Officers in the tricounty area are hopeful that a new state law regulating scrap metal transportation and sales will reduce thefts.
The new law, which goes into effect Wednesday, requires anyone who buys or sells copper, catalytic converters and other high-value scrap metals to get a permit from their county sheriff's office. The permit is free for sellers.
Scrap metal dealers and recycling companies must check the person's permit before buying the metal, and they can no longer pay cash for copper.
Law enforcement officers in York, Chester and Lancaster counties have seen an increase in metal thefts this year as copper values have steadily increased. Officers say the draw to the crime is a quick, easy dollar.
"The biggest problem with it is they cause more damage than what the property is worth. Getting $50 worth of metal from an air-conditioning unit can cause a $1,000 in damages."
Thieves have been stealing copper pipes and wiring, air-conditioning units and even metal grates from street drains and car washes.
"They'll steal any kind of metal," Chester County Sheriff Richard Smith said. "They'll even steal broken-down lawn mowers from someone's yard."
Shaw said he hopes having to check permits will deter thieves.
"I hope the new law helps provide a more accountable atmosphere," he said. "With scrap dealers needing to check identification and keep more records, I certainly hope it helps us curb some of those thefts."
He said when deputies come across items in the scrap yards that they suspect was stolen, it's hard to prove.
Requiring a permit should reduce the number of stolen items sold because metal thieves aren't likely to apply for a permit at the sheriff's office, officers said.
Earlier this year, deputies with the York County Sheriff's Office launched an effort to catch metal thieves in the act, using surveillance and public safety checkpoints. Rock Hill police even dedicated a detective to investigating these cases.
York County already required a permit to transport valuable metals. The new law tightens its restrictions and adds selling requirements.
Who needs a permit?
All recycling companies must apply for the new, free permits at their county sheriff's department.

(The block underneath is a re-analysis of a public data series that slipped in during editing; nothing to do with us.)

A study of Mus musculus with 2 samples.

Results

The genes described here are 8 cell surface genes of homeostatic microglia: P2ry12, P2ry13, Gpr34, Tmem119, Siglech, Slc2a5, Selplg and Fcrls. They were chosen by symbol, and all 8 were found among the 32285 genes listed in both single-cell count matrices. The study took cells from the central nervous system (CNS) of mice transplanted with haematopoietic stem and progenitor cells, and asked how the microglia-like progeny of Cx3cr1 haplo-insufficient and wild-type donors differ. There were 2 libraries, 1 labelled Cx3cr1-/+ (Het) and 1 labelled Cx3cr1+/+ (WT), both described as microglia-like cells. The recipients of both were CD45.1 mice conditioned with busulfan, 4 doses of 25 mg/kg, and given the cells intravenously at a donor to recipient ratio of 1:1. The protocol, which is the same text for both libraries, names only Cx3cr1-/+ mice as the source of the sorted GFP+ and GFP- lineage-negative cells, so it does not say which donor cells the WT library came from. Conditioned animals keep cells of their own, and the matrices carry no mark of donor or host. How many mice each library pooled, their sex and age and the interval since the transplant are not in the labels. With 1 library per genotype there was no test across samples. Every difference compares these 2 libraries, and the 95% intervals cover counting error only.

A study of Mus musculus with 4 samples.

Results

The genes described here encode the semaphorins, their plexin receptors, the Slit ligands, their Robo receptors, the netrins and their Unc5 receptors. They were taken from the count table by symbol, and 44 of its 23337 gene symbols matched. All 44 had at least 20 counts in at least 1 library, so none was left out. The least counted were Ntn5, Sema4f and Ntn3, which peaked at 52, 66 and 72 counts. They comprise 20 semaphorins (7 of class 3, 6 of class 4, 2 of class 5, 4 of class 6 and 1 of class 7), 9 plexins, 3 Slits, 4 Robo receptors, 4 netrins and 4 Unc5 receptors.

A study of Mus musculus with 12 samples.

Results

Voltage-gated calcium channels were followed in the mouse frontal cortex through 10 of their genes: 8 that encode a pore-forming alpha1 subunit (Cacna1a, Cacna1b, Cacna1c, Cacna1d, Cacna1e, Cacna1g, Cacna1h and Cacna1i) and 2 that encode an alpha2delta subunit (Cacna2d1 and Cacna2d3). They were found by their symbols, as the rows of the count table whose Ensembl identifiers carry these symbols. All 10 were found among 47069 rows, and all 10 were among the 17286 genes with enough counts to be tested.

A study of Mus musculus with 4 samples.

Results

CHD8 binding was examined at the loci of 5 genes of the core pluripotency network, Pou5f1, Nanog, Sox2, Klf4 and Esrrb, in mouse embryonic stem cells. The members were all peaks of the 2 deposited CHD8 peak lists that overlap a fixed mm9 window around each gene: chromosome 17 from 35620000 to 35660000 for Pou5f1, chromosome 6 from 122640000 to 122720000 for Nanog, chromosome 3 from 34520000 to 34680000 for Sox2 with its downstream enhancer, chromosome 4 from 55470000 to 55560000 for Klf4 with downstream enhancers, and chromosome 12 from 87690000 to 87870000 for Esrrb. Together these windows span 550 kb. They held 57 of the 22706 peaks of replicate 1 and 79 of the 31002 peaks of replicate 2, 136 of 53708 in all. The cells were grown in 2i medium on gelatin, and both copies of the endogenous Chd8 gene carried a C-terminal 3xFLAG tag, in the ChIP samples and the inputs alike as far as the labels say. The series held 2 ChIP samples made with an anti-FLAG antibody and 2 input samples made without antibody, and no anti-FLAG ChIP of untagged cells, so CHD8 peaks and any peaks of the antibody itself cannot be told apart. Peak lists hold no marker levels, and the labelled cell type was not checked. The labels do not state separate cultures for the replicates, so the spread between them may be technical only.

Anyone who sells scrap metal must apply for one, too. Sellers who are full-time scrap metal collectors must apply in person for a one-year permit. Anyone else can apply for a 48-hour permit, but they only can have two of those within a 12-month period.
Scrap yards and companies that purchase metals need a bi-annually renewed permit to buy copper. The business must operate in a fixed location. The buyer has to verify the seller's permit.
Those that violate the new law could see hefty fines and up to 30 days in jail.
Need a permit?
York County: Annual permits to transport and sell metals will be issued starting Aug. 22. Apply in person from 9 to 11 a.m. and 2 to 4 p.m. Mondays, Wednesdays and Fridays at the Moss Justice Center, 1675-2A York Highway, York.
You can also apply for a permit to purchase metals at the sheriff's office during the same hours.
A 48-hour transport permit can be obtained by calling 803-628-3059.
Chester County: For short-term permits, call Laura Long at the Chester County Sheriff's Office at 803-581-5131. Annual permits to transport and permits to purchase must be obtained in person at the sheriff's office, 2740 Dawson Drive, Chester.
Lancaster County : For 48-hour transportation permits call 803-313-2108. Annual permits to transport and permits to purchase must be obtained in person at the sheriff's office, 1941 Pageland Highway, Lancaster.
The two-day transportation permits and annual permits to sell are free. Permits to purchase cost $200 and are valid for two years. A state issued ID is necessary to complete applications.
Dealers who want to verify permits online should visit www.scmetals.info.